Encapsulation refers to a wide range of technologies that encapsulate, protect and release active compounds when required. The combined global market is estimated to be worth $40bn across a range of industries, including consumer products (household goods, food, cosmetics), industrials (oil & gas, pulp & paper, textiles), agriculture and pharmaceuticals.
Typical examples include controlling the release of flavours in food, allowing drugs to be protected while they travel to the intended site of action, and controlling the release of fertilisers in agriculture.
While some of the largest companies in the world are key players in this market, there are also plenty of startups and SMEs developing innovative encapsulation technologies. We’ve picked out our Top 5 emerging innovators with breakthrough encapsulation technologies from the VentureRadar database.
Aqdot is a Cambridge University spin-off company developing intelligent encapsulation technology that enables valuable active products to be protected, delivered and chemically programmed to release where and when required. The platform technology has applications in a wide range of industries, including household products such as detergents, pharmaceuticals, oil and gas, agrochemicals, cosmetics, food, paint, fragrances and personal products. The company was founded in 2012.
Amphidex is a Danish company, founded in early 2010 by Aalborg University and NOVI Innovation, developing cyclodextrin technology. Cyclodextrins are natural sugar compounds consisting of 6-8 glucose units in a ring structure. Due to the composition of the glucose monomers a hydrophobic cavity is formed in which smaller, water insoluble molecules can be included. These can be used to encapsulate compounds in a vast variety of applications in areas as such as medicine, air fresheners, as well as air & water purification.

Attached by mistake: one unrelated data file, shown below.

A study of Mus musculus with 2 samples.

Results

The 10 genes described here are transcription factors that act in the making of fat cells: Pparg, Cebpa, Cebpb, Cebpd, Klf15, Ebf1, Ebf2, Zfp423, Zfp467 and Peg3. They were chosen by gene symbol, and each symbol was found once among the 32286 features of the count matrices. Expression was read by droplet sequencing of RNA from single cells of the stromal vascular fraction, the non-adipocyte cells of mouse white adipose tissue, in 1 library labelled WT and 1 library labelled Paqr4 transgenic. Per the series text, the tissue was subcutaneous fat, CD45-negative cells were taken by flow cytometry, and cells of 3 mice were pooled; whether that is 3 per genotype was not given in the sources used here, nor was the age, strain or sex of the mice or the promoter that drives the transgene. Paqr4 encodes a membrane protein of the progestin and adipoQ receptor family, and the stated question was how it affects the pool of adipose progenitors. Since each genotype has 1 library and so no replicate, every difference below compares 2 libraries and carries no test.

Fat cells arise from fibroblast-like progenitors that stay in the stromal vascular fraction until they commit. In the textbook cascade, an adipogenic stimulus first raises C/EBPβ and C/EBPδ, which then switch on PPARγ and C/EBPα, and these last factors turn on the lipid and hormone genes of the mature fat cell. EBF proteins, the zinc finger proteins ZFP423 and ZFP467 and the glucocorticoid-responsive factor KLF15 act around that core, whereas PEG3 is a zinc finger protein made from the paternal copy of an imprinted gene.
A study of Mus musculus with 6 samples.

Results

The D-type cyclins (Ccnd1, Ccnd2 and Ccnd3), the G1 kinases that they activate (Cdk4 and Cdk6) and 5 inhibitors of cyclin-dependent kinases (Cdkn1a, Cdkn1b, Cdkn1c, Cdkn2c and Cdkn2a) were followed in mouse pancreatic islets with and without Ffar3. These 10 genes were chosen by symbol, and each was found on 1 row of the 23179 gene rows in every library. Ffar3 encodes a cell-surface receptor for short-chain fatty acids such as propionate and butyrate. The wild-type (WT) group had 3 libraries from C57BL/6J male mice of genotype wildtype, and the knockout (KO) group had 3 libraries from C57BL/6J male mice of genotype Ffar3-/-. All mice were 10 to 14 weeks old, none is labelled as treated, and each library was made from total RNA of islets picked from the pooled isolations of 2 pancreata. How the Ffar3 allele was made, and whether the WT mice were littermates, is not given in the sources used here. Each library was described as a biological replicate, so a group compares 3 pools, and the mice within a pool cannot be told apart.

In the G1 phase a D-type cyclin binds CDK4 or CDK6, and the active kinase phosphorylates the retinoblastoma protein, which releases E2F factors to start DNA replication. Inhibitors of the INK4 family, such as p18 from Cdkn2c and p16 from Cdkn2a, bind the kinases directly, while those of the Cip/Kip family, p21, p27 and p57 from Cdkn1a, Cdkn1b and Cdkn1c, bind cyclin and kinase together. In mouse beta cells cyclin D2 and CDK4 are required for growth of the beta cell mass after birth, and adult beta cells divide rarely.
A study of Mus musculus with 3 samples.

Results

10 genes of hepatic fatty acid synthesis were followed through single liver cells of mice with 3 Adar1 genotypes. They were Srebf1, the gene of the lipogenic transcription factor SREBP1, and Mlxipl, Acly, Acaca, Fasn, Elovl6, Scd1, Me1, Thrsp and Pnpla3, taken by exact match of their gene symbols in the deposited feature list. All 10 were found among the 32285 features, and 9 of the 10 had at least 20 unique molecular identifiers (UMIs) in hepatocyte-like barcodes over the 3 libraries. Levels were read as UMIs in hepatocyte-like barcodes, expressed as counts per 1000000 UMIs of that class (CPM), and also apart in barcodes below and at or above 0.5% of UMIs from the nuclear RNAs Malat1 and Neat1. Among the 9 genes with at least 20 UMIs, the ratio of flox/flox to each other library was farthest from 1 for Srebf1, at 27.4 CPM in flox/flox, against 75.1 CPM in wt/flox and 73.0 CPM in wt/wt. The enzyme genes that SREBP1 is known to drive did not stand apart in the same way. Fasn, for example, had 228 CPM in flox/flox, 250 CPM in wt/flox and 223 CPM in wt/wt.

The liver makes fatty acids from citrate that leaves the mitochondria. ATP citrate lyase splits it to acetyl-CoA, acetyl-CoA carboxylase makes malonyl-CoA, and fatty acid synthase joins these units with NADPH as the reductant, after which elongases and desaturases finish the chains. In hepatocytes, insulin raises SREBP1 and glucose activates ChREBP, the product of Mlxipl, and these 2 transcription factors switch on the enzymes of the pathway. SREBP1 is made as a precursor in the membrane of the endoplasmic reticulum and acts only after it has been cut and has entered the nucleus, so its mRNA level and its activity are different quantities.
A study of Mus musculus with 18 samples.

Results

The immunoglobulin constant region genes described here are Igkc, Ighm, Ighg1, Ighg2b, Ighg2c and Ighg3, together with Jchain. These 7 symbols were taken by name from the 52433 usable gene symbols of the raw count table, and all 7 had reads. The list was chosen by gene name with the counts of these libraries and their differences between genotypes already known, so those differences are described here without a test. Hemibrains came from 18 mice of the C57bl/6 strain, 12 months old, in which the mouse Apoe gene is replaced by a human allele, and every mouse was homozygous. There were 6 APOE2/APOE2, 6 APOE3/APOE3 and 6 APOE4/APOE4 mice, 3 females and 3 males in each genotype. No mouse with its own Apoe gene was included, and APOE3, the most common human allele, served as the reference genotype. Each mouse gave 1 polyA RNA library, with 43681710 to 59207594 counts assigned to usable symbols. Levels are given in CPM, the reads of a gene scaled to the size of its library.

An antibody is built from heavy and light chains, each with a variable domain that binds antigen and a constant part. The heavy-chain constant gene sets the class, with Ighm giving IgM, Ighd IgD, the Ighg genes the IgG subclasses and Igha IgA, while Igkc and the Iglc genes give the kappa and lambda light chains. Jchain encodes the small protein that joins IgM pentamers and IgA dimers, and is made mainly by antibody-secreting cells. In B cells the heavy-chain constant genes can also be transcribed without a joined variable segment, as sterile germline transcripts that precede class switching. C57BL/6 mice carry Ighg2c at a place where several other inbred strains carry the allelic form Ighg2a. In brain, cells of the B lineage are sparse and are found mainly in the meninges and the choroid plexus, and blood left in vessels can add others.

Bionanoplus is a drug delivery company that specialises in polymeric nanoencapsulation solutions. Bionanoplus says it has solved the scalability problem of traditional nanoparticle manufacturing methods, avoiding the use of volatile organic solvents, ensuring easy and cheap production at any scale that can be performed using standard equipment and techniques. Bionanoplus has developed several proprietary technology platforms to obtain nanoparticle-based systems without using volatile organic solvents, providing advantages such as increased bioavailability, controlled release, and enhanced solubility and stability. The Spanish company was founded in 2010.
Carlina Technologies is a French company founded in 2010, specialising in the development of nanomedicines utilizing innovative non-denaturing drug delivery technologies for therapeutic proteins, peptides and other types of drugs. The company develops controlled-release pharmaceutical versions of drugs capable of targeting them to their site of action. This results in increased efficacy and safety of treatments leading to improved patients’ compliance and quality of life.
Slovenia-based MikroCaps provides encapsulation techniques that enable the encapsulation of various core materials with different polymer membranes, across a range of industries. Depending on the properties of the core material and required characteristics of the encapsulated materials, MikroCaps uses different encapsulation techniques such as interfacial polymerisation, in-situ polymerisation, coacervation, spray drying, spray chilling and fluid bed coating.
All of these companies are developing new technologies that could impact all of our lives. We’re looking forward to watching how they progress.